Weekly Feature


March 17, 2009
by Sarah Amandolare
St. Patrick’s Day is beloved by Irish-Americans, but the celebrations go beyond New York City and Boston. In Central New York, Syracuse hosts a festive annual parade and even has a stoplight that pays homage to the city’s Irish heritage. Discover the famed Tipperary Hill and learn how Irish immigrants made their way to Syracuse with the Web sites below.

Green Over Red

In Tipperary Hill, a Syracuse neighborhood commonly referred to as “The Hill,” sits a landmark of sorts. Hanging above “the corner of Tompkins Street and Milton Avenue” is the only traffic light in the United States where the green light is above the red light, according to Kcryan.com. Legend says that in the early 1900s, Irish immigrant families who had recently arrived in the city “could not stomach the British red over the Irish green, even if it was only a traffic light,” prompting the unorthodox installation.

Tipperary Hill Memorial Park also features “bronze, life-size figures of a 1930s Irish immigrant family sculpted by Dexter Benedict of Penn Yan.” According to ItsAllHereSyracuse.com, the father figure in the family sculpture “is pointing out the famous traffic light to his wife, daughter and son.” Among the many variations on how the traffic light came into being, some say that Irish immigrants threw stones at the light until city officials “grew tired of replacing bulbs” and gave in to the green over red color scheme.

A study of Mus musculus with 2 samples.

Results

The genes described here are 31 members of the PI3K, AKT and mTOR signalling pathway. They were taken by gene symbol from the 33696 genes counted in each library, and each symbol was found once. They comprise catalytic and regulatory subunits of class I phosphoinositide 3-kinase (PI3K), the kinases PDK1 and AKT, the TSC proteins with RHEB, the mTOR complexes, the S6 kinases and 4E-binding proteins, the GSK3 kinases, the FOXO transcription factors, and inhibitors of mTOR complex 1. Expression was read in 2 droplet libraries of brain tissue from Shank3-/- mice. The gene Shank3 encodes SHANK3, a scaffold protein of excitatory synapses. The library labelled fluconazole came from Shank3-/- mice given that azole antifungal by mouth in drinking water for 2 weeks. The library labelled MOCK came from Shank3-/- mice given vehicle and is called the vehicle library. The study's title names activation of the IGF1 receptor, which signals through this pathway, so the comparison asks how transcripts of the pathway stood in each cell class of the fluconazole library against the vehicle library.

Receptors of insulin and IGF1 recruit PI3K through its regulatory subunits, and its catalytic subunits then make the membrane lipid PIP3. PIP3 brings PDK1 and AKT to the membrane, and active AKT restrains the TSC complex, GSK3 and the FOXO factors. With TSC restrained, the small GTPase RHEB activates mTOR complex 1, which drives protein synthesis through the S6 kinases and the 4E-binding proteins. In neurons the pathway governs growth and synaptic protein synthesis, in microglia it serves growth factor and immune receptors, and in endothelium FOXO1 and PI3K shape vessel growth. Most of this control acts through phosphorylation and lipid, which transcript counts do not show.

View photos of Tipperary Hill Memorial Park, including the bronze statue and traffic light, courtesy of Webshots.

Irish Immigrants in New York State

From the 1820s through the 1840s, hoards of Irish and German immigrants flooded New York City, with the later arrivals seeking refuge from the Great Irish Famine and revolution. According to the Brooklyn Genealogy Information Page, which has information from the book “New York--A Guide to the Empire State,” many Irish immigrants found work building canals and laying railroad. They entered New York through Canada, in addition to ports in New York City, and settled throughout upstate New York, including Albany and Syracuse.
For a personal account of an Irish immigrant family’s arrival in Syracuse, read The Irish Path. Learn how when Thomas Kenan was just seven years old, he and his family left “what is now Northern Ireland” for New York. Together with his wife, Kenan went on to establish a “‘butter and egg’ business.”

St. Patrick’s Day in Syracuse

Today in Syracuse, “Irish and German groups of the third, fourth, and fifth generations constitute more than half of the native population,” and although most “old country traditions” have been neglected, St. Patrick’s Day is still an important celebration, according to the Brooklyn Genealogy Information Page.

Syracuse held its 27th annual St. Patrick’s Day parade on March 14, but you can plan for next year’s big event, on March 13, 2010, with help from the parade Web site.